I’m slogging through my taxes and found these tax tips from CPA Steven Meyerson of JustAnswer.com to be super useful. Steven apparently gets a lot of the same questions year in year out because folks like you and me forget the most basic rules of tax preparation and filing. His tips:
Dealing with kids and marriages: If you’re married or divorced be sure that you and your spouse’s last names match all social security records, because your return will be rejected if they don’t. Also, if you’re divorced with children, be sure you know who’s claiming the kids. The rule is that whoever files first will initially get the credit and if it’s not the right person, correspondence with the IRS will be required by both parties to resolve the matter. To avoid that mess, it’s something you NEED to work out beforehand.
E-filing is the way to go: If you’re doing your taxes yourself, you should save yourself some time and money by e-filing using the IRS’s Free File program. The online form populates the numbers for you so you don’t have to worry about calculating the math. The other upside is that once you submit your return, you will receive your check earlier than if you had submitted it manually.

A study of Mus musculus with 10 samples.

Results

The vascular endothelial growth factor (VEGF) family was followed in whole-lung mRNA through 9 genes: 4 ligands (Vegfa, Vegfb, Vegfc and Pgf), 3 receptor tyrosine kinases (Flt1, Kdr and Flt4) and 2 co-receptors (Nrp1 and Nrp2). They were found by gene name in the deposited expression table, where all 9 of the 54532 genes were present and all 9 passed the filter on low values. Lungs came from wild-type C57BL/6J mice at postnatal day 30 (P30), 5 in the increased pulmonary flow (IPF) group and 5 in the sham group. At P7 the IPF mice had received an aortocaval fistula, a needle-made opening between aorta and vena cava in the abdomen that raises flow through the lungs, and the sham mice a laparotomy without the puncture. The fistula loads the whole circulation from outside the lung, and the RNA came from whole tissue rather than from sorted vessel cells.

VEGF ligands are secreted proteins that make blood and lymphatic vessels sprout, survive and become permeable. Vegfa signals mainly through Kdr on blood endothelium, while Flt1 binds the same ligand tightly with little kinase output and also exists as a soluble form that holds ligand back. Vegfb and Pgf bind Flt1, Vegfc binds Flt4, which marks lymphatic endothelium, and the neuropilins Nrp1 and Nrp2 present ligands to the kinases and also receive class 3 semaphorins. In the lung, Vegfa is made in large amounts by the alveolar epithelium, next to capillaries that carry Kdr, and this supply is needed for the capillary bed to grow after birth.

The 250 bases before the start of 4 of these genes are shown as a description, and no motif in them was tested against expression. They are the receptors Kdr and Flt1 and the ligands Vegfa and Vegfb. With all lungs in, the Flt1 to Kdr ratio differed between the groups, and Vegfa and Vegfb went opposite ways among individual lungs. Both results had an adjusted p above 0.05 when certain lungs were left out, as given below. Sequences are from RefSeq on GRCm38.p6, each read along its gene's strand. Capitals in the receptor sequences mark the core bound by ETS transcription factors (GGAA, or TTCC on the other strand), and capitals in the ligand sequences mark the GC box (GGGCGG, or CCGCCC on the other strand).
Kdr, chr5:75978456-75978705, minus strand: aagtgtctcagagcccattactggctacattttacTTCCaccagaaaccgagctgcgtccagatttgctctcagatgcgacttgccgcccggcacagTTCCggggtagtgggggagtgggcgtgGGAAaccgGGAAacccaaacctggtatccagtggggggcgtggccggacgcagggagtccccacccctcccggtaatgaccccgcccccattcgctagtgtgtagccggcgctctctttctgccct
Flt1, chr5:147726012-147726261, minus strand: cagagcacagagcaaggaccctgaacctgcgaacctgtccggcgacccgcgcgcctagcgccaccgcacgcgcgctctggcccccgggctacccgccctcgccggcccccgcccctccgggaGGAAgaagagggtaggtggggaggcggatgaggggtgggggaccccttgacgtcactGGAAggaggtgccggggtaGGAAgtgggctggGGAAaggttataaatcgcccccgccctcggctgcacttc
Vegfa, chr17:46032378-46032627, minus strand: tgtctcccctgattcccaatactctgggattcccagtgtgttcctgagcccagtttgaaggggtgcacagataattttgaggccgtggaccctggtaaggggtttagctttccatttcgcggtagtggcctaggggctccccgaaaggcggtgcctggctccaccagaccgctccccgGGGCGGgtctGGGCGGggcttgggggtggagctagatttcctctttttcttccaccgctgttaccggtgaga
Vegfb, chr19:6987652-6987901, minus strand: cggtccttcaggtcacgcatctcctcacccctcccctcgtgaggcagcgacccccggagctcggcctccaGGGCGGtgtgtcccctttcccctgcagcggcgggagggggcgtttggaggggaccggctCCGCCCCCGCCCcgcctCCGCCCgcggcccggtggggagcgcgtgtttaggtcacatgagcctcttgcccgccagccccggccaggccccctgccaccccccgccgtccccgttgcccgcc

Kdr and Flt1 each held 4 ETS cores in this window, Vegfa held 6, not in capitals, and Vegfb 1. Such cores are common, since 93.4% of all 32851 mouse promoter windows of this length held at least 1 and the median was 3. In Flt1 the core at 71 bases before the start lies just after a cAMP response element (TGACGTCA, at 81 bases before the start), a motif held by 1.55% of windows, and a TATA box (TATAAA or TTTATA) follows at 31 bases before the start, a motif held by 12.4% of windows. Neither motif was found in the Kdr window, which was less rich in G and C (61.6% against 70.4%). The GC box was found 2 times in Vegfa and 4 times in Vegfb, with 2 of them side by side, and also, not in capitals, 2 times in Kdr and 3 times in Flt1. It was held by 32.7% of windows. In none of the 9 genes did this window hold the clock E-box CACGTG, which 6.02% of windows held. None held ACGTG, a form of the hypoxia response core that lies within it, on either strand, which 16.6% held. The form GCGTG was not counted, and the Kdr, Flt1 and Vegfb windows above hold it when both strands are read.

Use the correct forms: Make sure you use your W2 forms and not a recent pay stub – there is a huge difference.
Need an extension? Make sure you file it by April 15, unless you are living out of the country in which case you have until June 15 to file your return or file for an extension. Remember, extensions should include an approximation of the amount you owe, whether remitted or not. Failure to properly estimate your liability could lead to a rejection of your extension request and could result in late filing penalties.
Please Don’t Procrastinate: If you want your money earlier, you need to file your return earlier. The closer you file your return to the due date, the longer it will take for you to get it back.
And Don’t Pay Extra: Paying to get your return earlier is never worth it. Avoid anticipation loans or quick refunds because the cost isn’t worth having the funds a few day’s early.
Additionally, I found this IRS tax calculator to help you out over the next month. The post office has free hard copies of basic tax forms or you can get them online through the IRS.